Become a Massage Therapist


Things You'll Need

  • High school diploma
  • Diploma or certificate from an accredited massage therapy school
  • You will need $225 to take the NCBTMB certification exam, if you choose to certify.
  • You will need to fill out a resume and start a job search after you finish your training, or start your own practice, which will require a business license, liability insurance (depending on your state/local ordinance) and a quiet place to do massage and equipment such as a massage table and massage oils

How to Become a Massage Therapist

  • Do some research. According to massagetherapy.com, the majority of states and the District of Columbia currently regulate the practice of massage therapy Each state varies as to the amount of training required and what exam must be taken (if any). To find your state’s requirements go to the website and click on your state. Even if your state does not require certification, the county or municipality in which you practice may still require it.

  • Apply to a school. You can find a list of schools online. This site features a directory that lists schools in every state plus the District of Columbia and Canada. Massagetherapy101.com says that every massage therapy school will have different requirements. However, most massage therapy schools will require a minimum of a high school diploma, and some schools may require prior knowledge in subjects such as anatomy and physiology and psychology as well as business and the humanities. Massagetherapy101.com says that some schools may require an interview to assess personal qualities such as communications skills. Contact the schools near you to see what their specific requirements are.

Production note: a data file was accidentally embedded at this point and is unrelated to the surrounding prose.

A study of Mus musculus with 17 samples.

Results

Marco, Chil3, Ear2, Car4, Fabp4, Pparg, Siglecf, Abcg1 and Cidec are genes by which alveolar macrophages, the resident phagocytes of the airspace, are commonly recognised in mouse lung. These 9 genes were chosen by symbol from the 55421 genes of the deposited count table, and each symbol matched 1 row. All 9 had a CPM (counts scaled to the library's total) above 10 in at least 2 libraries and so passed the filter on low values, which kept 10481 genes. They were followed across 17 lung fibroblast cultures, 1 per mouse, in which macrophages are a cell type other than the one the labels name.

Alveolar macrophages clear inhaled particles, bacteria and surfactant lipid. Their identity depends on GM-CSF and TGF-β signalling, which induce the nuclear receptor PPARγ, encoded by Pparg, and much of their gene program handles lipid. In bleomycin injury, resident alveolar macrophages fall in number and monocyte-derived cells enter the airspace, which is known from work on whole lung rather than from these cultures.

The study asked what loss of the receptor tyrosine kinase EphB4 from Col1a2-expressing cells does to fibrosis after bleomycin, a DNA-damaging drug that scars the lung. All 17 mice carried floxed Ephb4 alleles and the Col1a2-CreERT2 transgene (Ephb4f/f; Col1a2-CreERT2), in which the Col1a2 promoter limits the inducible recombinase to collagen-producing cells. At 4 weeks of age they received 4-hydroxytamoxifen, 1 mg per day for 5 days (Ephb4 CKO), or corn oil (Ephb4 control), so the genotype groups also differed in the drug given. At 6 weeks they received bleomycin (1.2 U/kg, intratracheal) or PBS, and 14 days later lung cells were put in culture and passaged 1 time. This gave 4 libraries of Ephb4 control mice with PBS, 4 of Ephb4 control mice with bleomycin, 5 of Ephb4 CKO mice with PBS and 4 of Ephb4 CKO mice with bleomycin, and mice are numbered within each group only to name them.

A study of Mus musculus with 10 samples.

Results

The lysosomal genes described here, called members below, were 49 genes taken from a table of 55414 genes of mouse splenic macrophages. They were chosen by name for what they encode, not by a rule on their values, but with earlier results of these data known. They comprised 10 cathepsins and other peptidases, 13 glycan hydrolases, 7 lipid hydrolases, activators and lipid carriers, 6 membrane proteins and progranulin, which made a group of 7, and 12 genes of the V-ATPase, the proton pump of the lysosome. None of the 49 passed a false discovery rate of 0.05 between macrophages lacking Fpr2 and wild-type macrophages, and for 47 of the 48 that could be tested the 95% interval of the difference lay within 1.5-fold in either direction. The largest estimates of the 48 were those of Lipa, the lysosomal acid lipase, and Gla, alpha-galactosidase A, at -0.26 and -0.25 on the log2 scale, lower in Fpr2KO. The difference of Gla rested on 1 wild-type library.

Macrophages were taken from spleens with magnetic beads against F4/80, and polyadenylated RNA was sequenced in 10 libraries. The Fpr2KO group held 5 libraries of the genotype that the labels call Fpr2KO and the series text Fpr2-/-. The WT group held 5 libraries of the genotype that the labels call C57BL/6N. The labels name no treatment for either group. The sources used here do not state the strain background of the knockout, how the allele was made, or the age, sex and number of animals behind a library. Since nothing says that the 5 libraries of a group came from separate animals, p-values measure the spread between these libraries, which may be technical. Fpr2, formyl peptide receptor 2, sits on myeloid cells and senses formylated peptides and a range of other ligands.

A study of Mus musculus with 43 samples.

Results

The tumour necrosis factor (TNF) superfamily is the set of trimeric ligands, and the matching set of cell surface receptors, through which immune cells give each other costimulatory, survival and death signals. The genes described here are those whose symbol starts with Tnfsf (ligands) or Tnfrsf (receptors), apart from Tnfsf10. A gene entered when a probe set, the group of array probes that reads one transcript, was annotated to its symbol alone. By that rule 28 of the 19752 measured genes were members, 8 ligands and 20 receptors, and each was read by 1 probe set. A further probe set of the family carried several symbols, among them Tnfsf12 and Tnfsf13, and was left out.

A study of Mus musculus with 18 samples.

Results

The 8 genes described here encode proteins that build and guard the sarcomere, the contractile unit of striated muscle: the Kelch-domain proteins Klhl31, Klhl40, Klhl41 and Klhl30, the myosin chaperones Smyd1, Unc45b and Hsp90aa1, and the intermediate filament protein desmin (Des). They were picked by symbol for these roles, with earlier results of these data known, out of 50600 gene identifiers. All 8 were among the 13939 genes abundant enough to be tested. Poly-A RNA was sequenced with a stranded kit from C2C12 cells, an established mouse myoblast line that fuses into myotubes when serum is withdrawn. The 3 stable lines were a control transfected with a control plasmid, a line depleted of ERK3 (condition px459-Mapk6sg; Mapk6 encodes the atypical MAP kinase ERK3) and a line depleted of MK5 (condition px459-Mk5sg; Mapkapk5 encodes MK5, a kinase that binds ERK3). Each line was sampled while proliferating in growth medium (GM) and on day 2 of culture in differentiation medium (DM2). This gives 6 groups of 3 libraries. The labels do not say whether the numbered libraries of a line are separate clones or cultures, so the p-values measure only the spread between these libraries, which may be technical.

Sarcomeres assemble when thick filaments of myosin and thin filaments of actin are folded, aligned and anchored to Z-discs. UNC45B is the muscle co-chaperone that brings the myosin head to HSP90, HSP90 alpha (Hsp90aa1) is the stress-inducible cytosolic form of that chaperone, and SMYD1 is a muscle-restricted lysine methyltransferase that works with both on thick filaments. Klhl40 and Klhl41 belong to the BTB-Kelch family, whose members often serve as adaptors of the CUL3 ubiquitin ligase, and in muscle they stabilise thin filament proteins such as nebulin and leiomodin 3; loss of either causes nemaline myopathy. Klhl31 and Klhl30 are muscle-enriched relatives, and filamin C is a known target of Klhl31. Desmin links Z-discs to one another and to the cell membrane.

• Once you’re in, you just need to finish the program. Every state and every school will be different. The different states will require a different number of hours of training. The NCBTMB requires at least 500 hours of training time. Many schools have weekend and evening classes. Some programs can be completed in under a year, while others may take up to two years.

  • If your state requires certification, you will need to contact the NCBTMB and apply to take either the National Certification Exam for Therapeutic Massage or the National Certification Exam for Therapeutic Massage and Body Work.

  • Once you have met your state or municipality's certification or licensing requirements, you can get your resume together and start your job search or begin your own practice. In order to start your own practice, check with your state and local government about business license requirements. You may consider investing in portable massage tables and chairs in order to work in your clients' homes. Or, if you have a quiet place where you can work in your home undisturbed for a few hours a week, you may consider bringing clients there. Aside from the tables and chairs, you will need oils and may wish to invest in massage stones and a warmer along with soothing music that you can play for for your clients.

Tips & Warnings

  • According to the NCBTMB, having certification establishes a massage therapist as a health care provider on par with other professionals requiring certification
  • Many states that do not presently have certification requirements are drafting requirements in their legislatures or may do so at a later time.
  • Just because a state does not require certification does not mean that anyone can set up shop and become a massage therapist. Typically, states that do not regulate massage therapists allow municipalities to set their own regulations. Plus, as a practitioner you will need liability insurance, and most liability insurance providers will require minimum credentials.